CBL must move swiftly against Ponzi project
Anyone with the most basic inkling of even Grade One economics will know that any promises of return on investment (ROI) upwards of 30 percent are always pie in the sky, particularly in light of the current political and economic vicissitudes impacting negatively on any sustained global economic growth.
Even in the best of times, it is not possible for any fund manager to achieve such an ROI rate monthly as promised by MMM Global, the latest Ponzi scheme to rivet Basotho. There is something always troubling about people who think money can be so easy to make. If indeed this was the case, why would any of us need to bother working? Wouldn’t we all sit back and enjoy the fruits of such easy rich pickings. Reality however isn’t that simple.
Call it naivety or just anthropological stupidity or both, there is never a scarcity of people who live in their makebelieve world, where anything is possible. Where they believe they can extract fabulous wealth without working. Nothing seems to have been learned from the MKM debacle wherein hundreds of thousands of people lost big time, some their entire lifetime savings.
It would be perfectly understandable if it was only the herd-boys from far down in the mountains who fell for this scheme. But even the well-enlightened among us are never far off from delusions of grandeur spawned by Ponzi schemes. One would have thought the fact that the chief promoter of the MMM scheme is a convicted criminal, who was jailed for several years for defrauding thousands of investors in Russia, would prove to be an adequate warning and deterrent for all of us to steer clear of his renewed Ponzi scheme. But, disappointingly, that’s not the case. Perhaps in the quest for easy wealth and in the quest to get rich quickly, nothing stands in the way of human lust and longing.
That a scheme promoted by a criminal scumbag who has already been convicted of fraud using the same scheme can attract so much traction as witnessed by the multitudes of people who attended the MMM’S event at Maseru Club last weekend speaks volumes of our capriciousness as humans. It points to our gullibility and vulnerability.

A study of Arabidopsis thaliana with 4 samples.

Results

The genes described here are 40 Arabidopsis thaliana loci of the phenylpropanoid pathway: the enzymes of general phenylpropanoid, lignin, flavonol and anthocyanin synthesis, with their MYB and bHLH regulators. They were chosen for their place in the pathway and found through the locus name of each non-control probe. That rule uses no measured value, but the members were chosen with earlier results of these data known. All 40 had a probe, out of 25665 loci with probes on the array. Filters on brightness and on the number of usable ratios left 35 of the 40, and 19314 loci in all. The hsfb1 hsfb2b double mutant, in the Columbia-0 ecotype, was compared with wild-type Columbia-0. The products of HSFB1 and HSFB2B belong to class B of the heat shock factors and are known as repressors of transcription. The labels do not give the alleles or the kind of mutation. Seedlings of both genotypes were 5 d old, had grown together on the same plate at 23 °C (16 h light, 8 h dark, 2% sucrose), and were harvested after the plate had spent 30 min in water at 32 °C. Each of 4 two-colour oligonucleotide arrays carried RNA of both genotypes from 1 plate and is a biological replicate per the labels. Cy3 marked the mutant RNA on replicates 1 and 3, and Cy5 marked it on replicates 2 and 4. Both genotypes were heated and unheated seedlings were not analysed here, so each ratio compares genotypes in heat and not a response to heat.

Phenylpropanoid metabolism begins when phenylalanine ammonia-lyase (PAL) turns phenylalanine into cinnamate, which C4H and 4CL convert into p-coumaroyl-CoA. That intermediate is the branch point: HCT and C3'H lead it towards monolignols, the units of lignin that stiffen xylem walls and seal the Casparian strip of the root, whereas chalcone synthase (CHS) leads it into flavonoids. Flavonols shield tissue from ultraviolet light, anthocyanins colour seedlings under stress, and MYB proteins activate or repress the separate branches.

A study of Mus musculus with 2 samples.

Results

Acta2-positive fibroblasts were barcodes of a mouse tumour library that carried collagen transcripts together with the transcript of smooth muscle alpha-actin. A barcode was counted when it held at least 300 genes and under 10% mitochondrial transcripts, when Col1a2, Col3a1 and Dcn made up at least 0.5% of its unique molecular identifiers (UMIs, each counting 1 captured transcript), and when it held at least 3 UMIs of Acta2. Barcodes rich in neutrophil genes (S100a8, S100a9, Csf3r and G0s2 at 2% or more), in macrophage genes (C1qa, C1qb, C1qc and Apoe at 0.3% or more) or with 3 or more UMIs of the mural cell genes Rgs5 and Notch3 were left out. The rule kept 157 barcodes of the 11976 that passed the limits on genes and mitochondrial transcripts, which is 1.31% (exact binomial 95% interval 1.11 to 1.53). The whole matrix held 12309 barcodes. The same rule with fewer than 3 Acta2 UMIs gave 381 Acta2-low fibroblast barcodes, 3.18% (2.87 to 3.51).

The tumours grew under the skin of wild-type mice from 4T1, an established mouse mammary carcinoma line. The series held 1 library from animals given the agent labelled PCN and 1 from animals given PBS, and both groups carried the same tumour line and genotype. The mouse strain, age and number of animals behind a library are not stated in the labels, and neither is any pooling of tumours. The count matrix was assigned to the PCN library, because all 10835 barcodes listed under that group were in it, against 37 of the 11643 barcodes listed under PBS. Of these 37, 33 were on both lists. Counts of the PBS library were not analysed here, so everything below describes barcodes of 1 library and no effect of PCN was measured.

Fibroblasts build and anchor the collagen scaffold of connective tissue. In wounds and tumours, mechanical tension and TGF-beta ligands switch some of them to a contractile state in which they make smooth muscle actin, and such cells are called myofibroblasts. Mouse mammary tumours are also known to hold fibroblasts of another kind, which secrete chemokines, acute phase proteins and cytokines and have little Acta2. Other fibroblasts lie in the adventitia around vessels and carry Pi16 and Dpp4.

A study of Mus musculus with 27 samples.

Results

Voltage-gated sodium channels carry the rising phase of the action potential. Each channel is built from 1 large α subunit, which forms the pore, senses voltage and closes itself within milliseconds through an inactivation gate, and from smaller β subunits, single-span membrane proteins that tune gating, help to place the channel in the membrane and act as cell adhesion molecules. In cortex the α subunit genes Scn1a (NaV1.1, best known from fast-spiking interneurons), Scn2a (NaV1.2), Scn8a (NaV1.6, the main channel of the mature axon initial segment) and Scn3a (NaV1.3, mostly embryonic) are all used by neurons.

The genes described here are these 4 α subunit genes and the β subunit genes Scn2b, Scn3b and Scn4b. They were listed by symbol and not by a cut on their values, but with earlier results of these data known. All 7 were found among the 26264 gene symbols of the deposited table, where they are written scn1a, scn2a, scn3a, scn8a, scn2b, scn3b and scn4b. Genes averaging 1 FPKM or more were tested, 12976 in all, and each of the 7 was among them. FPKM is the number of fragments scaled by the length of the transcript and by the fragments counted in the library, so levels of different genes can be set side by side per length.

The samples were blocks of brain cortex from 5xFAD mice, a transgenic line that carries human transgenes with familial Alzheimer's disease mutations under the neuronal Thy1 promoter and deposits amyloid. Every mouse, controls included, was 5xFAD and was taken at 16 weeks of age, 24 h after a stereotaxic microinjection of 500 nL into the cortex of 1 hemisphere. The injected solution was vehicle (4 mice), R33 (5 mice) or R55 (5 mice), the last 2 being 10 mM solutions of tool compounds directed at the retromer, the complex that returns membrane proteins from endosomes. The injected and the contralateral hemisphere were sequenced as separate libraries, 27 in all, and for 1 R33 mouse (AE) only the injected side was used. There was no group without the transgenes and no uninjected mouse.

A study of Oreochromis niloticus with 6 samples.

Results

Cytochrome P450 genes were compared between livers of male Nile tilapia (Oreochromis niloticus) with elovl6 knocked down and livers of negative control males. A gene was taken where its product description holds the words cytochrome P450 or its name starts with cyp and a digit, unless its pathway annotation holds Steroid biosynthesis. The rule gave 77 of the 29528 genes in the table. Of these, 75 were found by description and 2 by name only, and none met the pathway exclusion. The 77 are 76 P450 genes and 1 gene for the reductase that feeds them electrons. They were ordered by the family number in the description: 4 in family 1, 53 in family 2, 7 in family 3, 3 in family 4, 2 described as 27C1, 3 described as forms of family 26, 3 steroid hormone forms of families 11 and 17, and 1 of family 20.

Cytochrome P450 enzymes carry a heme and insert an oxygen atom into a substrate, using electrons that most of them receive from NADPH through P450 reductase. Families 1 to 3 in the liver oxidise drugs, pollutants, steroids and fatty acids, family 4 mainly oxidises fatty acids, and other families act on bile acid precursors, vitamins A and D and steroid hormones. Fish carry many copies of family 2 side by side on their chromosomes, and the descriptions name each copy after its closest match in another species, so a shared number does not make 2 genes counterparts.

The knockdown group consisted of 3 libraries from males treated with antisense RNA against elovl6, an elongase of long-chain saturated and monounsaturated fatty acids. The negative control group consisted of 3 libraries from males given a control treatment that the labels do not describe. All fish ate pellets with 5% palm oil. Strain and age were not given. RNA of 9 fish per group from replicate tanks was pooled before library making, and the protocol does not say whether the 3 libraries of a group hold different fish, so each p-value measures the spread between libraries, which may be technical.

Unfortunately, for those who believe and partake in these schemes, it always ends up in tears. Those who are the first to participate will always get the initial returns as more investors are mobilized. That creates a veneer of legitimacy for the schemes. But as more investors come in, the schemes become unsustainable and implode.
Apart from its criminal promoter, the MMM scheme is even more dubious as there don’t seem to be any form of investing, no matter how shadowy, taking place. Investors are grouped to pay each other with absolutely no value creation. What happens when the investor register increases and those at the latter end, who must of necessity constitute the majority to keep the scheme going, expect their returns? The schemes inevitably implode.
It does not need the wisdom of a rocket scientist to see that the MMM venture is the biggest scam of scams as well as being the scum of scums. That its name bears strong resemblance to MKM is even revealing. We have no option but to wholeheartedly agree with Consumer Protection Association Director and social activist, Lehlohonolo Chefa, that the authorities, mainly the Central Bank of Lesotho and the Ministry of Finance, must move decisively to take action against this patently fraudulent scheme.
The tragedy of Lesotho, as Mr Chefa correctly observes, is that it does not have basic effective laws to protect consumers. South Africa has done a lot to try and protect its consumers. Apart from establishing a statutory body for that purpose, South Africa has gone as far as decreeing that schemes that promise investors returns above a specific realistic threshold are automatically condemned as Ponzi schemes to facilitate appropriate action. A plethora of other laws have been enacted to protect consumers. In Lesotho, similar action to protect consumers is desperately needed. Aggressive action to educate consumers on the futility of schemes such as MMM is desperately needed. Lessons learnt from the MKM debacle should have spurred our authorities into action.
But we seem, too often, to get caught up and consumed in politics at the expense of other critical interventions.
However, from whatever legal and policy framework available, the CBL and Ministry of Finance, must collaborate and ensure that the work of MMM is halted in Lesotho and Basotho are barred from pouring money into a scheme which will eventually bankrupt them. We are in the middle of an economic crisis spawned by the worst drought in decades. We need every Loti to be invested productively.